Why South Carolina’s Voter-ID Law Didn’t Prevent Anyone from Voting

South Carolina held partisan primaries on June 10. At these primaries, the state tested a new type of government photo-ID law, in which anyone without an ID is still permitted to vote if the individual explains why he or she was unable to produce an ID. According to this story, no voter anywhere in the state was turned away from voting.


Why South Carolina’s Voter-ID Law Didn’t Prevent Anyone from Voting — No Comments

  1. Interesting. But hardly reassuring.

    First, it was a primary and not a general election. I suspect a much larger proportion of those voters who do not participate in primaries would present themselves without one of the “approved” documents than those who do.
    Second, lets see how lenient polling officials would be in a contested election, particularly in a state like PA, where the outcome of a national election has recently been in doubt until very close to the actual election.
    Third, we have to allow for the possibility that those who would like to suppress the vote among likely Democratic voters would love to produce “evidence” like this to support the theory that voter ID laws do not suppress the vote among that group of voters more heavily than among those who are likely to vote Republican. i.e., “psssttt…let them vote this time, guys.”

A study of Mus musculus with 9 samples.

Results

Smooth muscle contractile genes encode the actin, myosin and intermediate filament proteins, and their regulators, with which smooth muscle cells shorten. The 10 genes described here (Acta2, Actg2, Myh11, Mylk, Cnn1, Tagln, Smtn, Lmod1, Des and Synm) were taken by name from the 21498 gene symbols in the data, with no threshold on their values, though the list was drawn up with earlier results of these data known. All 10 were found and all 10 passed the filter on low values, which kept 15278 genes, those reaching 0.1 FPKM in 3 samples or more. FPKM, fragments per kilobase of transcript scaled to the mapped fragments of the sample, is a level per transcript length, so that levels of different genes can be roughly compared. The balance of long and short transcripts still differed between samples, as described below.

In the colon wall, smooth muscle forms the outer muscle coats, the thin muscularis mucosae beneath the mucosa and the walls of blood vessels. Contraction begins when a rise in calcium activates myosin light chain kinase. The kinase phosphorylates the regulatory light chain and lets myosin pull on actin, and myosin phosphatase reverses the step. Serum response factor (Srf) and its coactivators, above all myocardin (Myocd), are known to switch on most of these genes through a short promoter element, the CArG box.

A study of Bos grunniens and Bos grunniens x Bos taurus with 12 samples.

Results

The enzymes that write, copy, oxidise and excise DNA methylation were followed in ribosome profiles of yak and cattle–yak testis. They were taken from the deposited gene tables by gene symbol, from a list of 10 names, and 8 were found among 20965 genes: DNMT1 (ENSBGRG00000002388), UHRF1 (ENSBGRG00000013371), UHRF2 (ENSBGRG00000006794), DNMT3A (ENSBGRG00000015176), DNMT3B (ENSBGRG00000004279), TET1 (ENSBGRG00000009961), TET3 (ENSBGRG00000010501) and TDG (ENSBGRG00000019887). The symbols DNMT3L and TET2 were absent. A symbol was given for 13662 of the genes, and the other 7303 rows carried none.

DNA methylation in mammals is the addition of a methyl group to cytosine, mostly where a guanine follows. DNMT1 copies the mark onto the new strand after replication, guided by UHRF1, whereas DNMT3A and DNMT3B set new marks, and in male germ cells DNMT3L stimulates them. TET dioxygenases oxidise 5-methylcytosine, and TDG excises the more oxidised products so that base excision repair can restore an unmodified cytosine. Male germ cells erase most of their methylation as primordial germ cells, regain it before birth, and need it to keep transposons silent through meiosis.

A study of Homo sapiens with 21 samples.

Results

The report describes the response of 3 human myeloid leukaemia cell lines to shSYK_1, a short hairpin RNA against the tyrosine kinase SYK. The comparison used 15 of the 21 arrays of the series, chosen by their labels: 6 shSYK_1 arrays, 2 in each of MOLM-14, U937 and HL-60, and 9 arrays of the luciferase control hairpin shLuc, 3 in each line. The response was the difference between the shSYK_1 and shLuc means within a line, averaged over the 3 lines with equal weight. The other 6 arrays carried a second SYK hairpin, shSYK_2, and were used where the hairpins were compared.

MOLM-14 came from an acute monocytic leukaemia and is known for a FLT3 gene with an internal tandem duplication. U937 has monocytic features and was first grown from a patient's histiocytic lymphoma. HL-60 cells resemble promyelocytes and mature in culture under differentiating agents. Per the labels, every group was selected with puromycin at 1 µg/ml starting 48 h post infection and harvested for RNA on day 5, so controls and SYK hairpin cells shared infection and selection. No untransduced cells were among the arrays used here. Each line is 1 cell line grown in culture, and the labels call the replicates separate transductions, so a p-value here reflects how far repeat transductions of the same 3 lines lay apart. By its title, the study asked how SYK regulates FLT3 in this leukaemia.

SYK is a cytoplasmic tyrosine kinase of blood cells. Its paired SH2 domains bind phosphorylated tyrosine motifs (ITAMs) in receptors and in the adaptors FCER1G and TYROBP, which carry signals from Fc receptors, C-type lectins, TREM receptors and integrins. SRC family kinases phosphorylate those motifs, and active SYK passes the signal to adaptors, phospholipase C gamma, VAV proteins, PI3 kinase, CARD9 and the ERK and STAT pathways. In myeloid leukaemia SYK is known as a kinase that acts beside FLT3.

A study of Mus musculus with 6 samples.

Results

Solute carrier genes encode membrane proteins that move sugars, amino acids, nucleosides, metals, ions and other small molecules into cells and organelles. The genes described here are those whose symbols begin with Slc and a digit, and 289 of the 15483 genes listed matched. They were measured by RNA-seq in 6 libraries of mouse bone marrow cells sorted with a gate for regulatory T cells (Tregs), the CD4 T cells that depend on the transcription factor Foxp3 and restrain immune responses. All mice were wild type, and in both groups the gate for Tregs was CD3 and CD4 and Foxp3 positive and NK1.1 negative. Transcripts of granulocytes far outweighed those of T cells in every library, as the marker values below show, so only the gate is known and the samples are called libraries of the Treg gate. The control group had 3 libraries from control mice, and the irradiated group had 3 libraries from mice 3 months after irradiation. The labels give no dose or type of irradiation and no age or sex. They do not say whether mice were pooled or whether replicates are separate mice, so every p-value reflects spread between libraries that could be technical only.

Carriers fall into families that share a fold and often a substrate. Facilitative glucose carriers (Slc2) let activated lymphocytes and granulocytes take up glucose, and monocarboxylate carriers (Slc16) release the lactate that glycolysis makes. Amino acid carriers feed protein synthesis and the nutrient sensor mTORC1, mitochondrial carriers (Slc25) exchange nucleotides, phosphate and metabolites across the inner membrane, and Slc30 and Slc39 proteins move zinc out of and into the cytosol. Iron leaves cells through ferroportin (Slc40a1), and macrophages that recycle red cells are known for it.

Fourth, no one has proved the dubious theory that voter fraud takes place in any significant (i.e., not MINISCULE) numbers (another invitation to you, DEMO REP),

    How many Democratic legislatures have passed voter ID laws? Anyone have that number? Just curious.

  2. Baron –

    I think Rhode Island is the only one.

    As was observed in the article, we don’t know how many people did not bother to try to vote because they knew or feared they would not be able to vote because of lack of “proper” ID.

    Therefore, the assertion that the “law didn’t prevent anyone from voting” has no basis in fact.

  3. Always wise to take a skeptical attitude about the validity/ credibility of any news article originating in the Greenville News.